Swelling Sierra Nevada snowpack offers no reprieve for Sonoma County drought
The Mount Rose ski area, at 8,900 feet in the Sierra Nevada near Lake Tahoe, had 116 inches of snow Tuesday, with almost 3 feet freshly fallen since the day before Christmas.
The UC Berkeley Central California Snow Lab at Donner Summit on Tuesday morning reported more than 8 inches of snow in the previous 24 hours, bringing the total for December to 202 inches, the third snowiest month on record since 1970.
“It took us 40 minutes to get from the front door of the lab to where the measurement is completed 50 yards away,” lab researchers said in a tweet.
The California snowpack, which provides a third of the state’s water supply, was at 159% of normal for Tuesday’s date, the Department of Water Resources reported.
But if you think the heavy white blanket over the 400-mile mountain range will help ease the North Bay’s drought — think again.
“We don’t see that water in our area,” said Jay Jasperse, chief engineer and director of groundwater management at Sonoma Water, the North Bay’s dominant drinking water supplier.
Water for Sonoma, Mendocino and Marin counties comes from rainfall in the Russian and Eel River watersheds filling the region’s two major reservoirs: Lake Sonoma west of Healdsburg and Lake Mendocino at Ukiah.
Snow, like the white stuff this week on Pine Flat Road and Cobb Mountain in the Mayacamas Mountains, has only a “minor impact” on the Russian River system, Jasperse said.
“It just doesn’t linger,” he said.
In the higher-altitude Sierra and Cascade ranges, snow remains into the spring and summer, recharging California’s major reservoirs that feed into the state and federal water projects with aqueducts carrying water far to the south.
The big snowpack is “like a high-elevation reservoir that slowly releases water,” Jasperse said.
Heavenly Valley — with 76 inches of snow Tuesday — is at 8,800 feet near Lake Tahoe, nearly twice the elevation of 4,723-foot Cobb Mountain, where snow usually disappears within a day.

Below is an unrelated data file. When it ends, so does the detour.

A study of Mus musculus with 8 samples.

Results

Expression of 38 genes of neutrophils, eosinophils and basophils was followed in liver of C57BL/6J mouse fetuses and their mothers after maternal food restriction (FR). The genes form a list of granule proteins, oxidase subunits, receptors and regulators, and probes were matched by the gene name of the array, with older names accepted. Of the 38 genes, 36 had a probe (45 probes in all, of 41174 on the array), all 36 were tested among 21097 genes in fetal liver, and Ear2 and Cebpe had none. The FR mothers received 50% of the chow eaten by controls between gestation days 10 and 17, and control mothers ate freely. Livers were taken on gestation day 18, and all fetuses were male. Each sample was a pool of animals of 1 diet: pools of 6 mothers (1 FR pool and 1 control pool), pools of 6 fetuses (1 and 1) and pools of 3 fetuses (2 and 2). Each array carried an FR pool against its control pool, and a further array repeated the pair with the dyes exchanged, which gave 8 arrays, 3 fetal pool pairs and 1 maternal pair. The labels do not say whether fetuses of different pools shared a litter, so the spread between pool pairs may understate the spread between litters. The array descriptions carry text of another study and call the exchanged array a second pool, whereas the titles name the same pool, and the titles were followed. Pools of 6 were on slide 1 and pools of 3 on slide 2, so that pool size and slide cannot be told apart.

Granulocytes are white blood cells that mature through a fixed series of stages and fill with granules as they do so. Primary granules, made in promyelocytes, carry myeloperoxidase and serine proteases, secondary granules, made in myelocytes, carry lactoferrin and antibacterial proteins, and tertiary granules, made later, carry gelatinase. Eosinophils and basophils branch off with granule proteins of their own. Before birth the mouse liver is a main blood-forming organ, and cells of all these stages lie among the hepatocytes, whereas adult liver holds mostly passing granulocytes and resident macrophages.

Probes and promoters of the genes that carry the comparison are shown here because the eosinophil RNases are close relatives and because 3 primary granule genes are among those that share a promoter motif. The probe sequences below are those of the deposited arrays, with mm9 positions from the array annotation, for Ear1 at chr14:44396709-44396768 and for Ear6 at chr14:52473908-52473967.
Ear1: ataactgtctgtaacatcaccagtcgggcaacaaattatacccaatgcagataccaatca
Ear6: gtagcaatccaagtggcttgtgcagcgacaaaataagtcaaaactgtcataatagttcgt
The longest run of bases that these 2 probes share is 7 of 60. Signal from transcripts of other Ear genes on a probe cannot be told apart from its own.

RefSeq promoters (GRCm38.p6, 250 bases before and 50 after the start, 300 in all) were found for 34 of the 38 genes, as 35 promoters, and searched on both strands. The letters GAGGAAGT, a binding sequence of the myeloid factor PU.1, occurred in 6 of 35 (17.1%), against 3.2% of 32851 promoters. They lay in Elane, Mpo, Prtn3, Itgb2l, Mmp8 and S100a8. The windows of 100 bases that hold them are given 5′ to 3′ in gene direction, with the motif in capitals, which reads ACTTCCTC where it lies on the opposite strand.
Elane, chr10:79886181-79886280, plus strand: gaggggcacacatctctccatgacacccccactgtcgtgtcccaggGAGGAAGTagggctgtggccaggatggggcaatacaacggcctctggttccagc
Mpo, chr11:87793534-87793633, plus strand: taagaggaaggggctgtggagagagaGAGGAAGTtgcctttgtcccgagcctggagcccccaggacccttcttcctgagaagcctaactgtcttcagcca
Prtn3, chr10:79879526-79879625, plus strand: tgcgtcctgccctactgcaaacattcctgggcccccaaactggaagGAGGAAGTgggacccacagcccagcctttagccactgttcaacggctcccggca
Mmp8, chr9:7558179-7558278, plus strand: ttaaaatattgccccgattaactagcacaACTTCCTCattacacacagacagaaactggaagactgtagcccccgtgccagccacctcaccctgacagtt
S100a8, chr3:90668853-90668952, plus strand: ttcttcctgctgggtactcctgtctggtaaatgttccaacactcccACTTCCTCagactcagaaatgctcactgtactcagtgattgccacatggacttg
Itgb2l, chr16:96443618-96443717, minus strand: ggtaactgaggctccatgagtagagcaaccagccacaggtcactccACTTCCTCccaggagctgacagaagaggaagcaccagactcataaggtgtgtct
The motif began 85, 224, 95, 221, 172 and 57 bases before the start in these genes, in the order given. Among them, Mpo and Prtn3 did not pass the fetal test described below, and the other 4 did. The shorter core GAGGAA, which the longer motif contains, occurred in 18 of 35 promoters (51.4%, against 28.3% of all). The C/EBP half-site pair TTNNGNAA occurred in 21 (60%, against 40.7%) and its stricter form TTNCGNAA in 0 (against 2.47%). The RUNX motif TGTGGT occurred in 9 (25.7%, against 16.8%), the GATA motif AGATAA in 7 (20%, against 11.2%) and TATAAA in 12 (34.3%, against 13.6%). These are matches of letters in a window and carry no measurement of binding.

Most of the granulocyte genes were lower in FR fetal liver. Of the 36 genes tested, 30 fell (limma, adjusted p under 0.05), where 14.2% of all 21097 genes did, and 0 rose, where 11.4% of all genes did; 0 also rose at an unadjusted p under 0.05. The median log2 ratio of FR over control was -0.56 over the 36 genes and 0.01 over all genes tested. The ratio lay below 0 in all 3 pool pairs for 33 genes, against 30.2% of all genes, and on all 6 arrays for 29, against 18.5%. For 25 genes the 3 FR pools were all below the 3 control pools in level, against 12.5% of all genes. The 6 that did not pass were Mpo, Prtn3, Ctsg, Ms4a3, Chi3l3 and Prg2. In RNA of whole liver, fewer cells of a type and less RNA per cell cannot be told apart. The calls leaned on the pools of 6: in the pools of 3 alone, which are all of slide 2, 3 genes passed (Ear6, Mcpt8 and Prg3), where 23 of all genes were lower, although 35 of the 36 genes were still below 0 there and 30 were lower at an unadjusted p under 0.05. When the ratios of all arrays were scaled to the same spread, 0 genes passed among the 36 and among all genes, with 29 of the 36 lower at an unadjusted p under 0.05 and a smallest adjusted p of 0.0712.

Despite a pair of heavy storms, called atmospheric rivers, in October and December, Lake Sonoma is about 55% full, compared with an 84% average for Tuesday’s date, and smaller Lake Mendocino is close to half full, compared with a 62% average.
Sonoma Water, which delivers Russian River water to more than 600,000 Sonoma and Marin county residents, is still urging conservation measures, noting the reservoirs hit historic lows this year.
“I know that’s a hard message (to understand),” Jasperse said. “You just have to look at the big picture. We still are filling the hole, so to speak” following two years of drought.
The recent heavy snows provide “a glimmer of hope” that has helped alleviate but not eliminate the statewide drought, a Department of Water Resources spokesman said Tuesday.
“More storms will be needed as we move through the winter season,” he said.
The federal government’s Drought Monitor last week showed nearly 70% of California, including the entire North Bay, in severe to extreme drought, the map’s second and third highest of four drought levels.
All of the state was in one of four levels, from moderate to exceptional drought.
You can reach Staff Writer Guy Kovner at 707-521-5457 or firstname.lastname@example.org. On Twitter @guykovner.